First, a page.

September 28, 2015

d3js / visualization

Reading time:
3 min. | 579 words

Yesterday I published a visualization of wars fought by the United States based off another timeline created by Elijah Meeks using his d3.layout.timeline. In Elijah’s timeline, he depicted the timeline of war around five categories that defined the type of conflict: European, Internal, Latin America, Native, and so on. Elijah’s visualization was compelling in demonstrating the near-continual perpetuation of warfare that the U.S. participated in. As Brandon Locke noted, Elijah’s timeline of peace was particularly compelling: only thirty-seven years of the nation’s history have been without war.

Persistent war.

Yet looking at the visualization, I thought another point could be made. Not only that the United States fights wars, and lots of them, but what I felt was lost was the spatiality of those conflicts. Elijah’s original timeline included Latin America and Europe as geographic categories, but the other categories (Native, Internal, Colonial) were more an emphasis on the type of conflict rather than the location of conflict. I wanted to know: how would the timeline appear if we categorized these conflicts by where they were fought rather than categorized by theme?

There isn’t necessarily anything interpretively rigorous about the dataset: we both draw on Wikipedia for the data. I also extended Elijah’s original dataset by including covert operations run by the United States during the Cold War.

The rise of the U.S. as a global power is often treated as a post-World War II phenomenon, but in reality the nation’s global importance stretches to the nineteenth century. Processes of continuity, choices, and constraints within the landmass that would become the United States generated the factors necessary to achieve a global role in world affairs. The main factors that influenced the United States were its economy (the sustained creation of wealth, investment in technology, the welfare of the nation’s citizens) and the power of the federal government (to influence diplomatic arrangements and to set political ambitions for the nation).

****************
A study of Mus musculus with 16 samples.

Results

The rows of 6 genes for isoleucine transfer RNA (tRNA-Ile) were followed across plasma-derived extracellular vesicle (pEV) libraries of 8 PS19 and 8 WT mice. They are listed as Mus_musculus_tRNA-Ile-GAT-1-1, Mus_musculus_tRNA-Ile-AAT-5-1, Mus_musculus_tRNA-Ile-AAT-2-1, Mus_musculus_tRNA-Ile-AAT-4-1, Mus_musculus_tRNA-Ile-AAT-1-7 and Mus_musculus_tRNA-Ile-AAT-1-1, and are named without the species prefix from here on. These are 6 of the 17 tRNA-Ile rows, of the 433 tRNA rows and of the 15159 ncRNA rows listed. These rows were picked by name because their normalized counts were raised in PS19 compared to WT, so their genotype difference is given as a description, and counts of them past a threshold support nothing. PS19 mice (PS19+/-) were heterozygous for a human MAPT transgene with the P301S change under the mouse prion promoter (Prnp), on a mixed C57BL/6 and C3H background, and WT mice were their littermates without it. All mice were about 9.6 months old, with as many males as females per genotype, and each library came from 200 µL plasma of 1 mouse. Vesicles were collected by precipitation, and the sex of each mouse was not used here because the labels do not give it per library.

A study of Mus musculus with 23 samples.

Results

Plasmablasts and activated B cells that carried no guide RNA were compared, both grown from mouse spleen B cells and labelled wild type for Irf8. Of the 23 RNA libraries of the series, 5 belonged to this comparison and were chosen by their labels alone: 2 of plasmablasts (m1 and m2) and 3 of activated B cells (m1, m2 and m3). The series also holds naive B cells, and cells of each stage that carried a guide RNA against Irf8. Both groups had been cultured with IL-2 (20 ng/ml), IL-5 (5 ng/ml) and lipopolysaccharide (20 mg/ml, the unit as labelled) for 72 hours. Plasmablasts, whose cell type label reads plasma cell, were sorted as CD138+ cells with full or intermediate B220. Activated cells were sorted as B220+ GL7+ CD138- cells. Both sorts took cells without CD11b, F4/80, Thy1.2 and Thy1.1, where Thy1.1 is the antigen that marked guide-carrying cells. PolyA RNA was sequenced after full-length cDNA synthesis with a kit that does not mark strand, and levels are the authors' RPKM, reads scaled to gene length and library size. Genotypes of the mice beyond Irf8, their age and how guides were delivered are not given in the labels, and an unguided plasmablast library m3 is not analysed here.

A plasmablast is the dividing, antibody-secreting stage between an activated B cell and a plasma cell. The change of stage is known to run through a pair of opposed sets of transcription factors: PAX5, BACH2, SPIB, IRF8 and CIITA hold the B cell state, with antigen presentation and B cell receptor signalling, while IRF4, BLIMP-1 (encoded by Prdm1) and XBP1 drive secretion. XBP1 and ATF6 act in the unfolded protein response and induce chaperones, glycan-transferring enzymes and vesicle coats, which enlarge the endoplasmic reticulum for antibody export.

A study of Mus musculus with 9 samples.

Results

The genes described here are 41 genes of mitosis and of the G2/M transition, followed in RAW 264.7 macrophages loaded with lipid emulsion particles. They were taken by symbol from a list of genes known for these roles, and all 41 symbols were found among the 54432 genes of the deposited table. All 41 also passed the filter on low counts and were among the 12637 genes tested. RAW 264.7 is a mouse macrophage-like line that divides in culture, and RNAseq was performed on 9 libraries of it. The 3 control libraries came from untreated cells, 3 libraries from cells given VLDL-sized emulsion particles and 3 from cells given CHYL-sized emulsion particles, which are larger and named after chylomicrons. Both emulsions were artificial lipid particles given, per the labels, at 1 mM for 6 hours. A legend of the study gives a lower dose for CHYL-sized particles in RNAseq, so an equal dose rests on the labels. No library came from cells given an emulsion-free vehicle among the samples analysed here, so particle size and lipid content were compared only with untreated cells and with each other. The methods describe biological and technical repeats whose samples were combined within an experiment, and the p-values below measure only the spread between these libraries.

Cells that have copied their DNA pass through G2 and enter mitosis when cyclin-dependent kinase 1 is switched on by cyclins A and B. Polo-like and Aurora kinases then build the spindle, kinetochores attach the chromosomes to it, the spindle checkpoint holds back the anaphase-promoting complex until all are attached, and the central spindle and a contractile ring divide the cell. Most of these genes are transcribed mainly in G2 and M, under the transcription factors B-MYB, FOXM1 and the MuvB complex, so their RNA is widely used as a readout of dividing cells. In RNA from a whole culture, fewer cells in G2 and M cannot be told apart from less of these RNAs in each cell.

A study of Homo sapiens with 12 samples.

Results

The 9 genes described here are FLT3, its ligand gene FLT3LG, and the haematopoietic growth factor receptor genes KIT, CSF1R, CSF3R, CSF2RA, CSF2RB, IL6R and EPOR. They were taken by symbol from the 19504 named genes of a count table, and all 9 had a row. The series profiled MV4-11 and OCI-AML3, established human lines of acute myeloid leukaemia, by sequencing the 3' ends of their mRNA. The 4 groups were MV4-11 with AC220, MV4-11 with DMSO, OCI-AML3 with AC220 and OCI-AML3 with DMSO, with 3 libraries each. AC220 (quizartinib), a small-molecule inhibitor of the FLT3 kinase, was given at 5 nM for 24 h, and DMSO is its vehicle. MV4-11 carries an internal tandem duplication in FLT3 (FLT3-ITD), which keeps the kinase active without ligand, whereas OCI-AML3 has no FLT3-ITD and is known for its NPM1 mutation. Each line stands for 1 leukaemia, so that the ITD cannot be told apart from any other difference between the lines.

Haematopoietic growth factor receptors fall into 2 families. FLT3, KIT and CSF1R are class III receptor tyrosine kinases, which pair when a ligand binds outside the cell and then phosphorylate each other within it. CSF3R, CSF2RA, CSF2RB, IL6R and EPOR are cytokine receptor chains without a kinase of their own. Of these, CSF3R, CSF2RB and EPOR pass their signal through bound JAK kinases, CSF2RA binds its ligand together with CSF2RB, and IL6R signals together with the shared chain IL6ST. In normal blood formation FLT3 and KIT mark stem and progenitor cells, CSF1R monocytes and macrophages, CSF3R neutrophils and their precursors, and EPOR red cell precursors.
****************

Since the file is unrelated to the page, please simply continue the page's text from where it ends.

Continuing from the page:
Timeline of war.

The timeline makes this particular point well. As the United States consolidates its regional power upon its landmass (and, in the process, extending its territorial holdings across Native, Spanish, French, and Russian lands in North America), it integrates the vast American West into it’s state-building project of the nineteenth century. As this happens, warfare on the North American continent accelerates in the mid– to late–nineteenth century, before conflict in North America nearly disappears entirely as the nation turns to global ambitions and attempts to exert its influence in Asia and Latin America.

There’s also the appearance of covert operations that do not appear until after World War II, the first being the 1949 Syrian coup d’état that toppled Syrian President Shukri al-Quwatli. The March 1949 operation also has the distinction of being the first time the newly formed Central Intelligence Agency planned and executed on an effort to install a friendly regime in a foreign country. These covert operations appear with greater frequency particularly in Latin America and the Middle East—and, are happening at the apex of anticolonial activity across the globe. For most of it’s warfare history, the Middle East factored little into the United States’ view of the world. Only after Vietnam, in the face of postcolonialism and fears of Soviet access to the region, does the U.S. gain a particular interest.

I have more timelines to come soon: I have yet another alternative timeline I’m working on about peace; and another that hits closer to my own research interest: conflict in the American West, tied to an interactive map.


Greetings! My name is Jason Heppler. I am a Digital Engagement Librarian and Assistant Professor of History at the University of Nebraska at Omaha and a scholar of the twentieth-century United States. I often write here about the history of the North American West, technology, the environment, politics, culture, and coffee. You can follow me on Twitter, or learn more about me.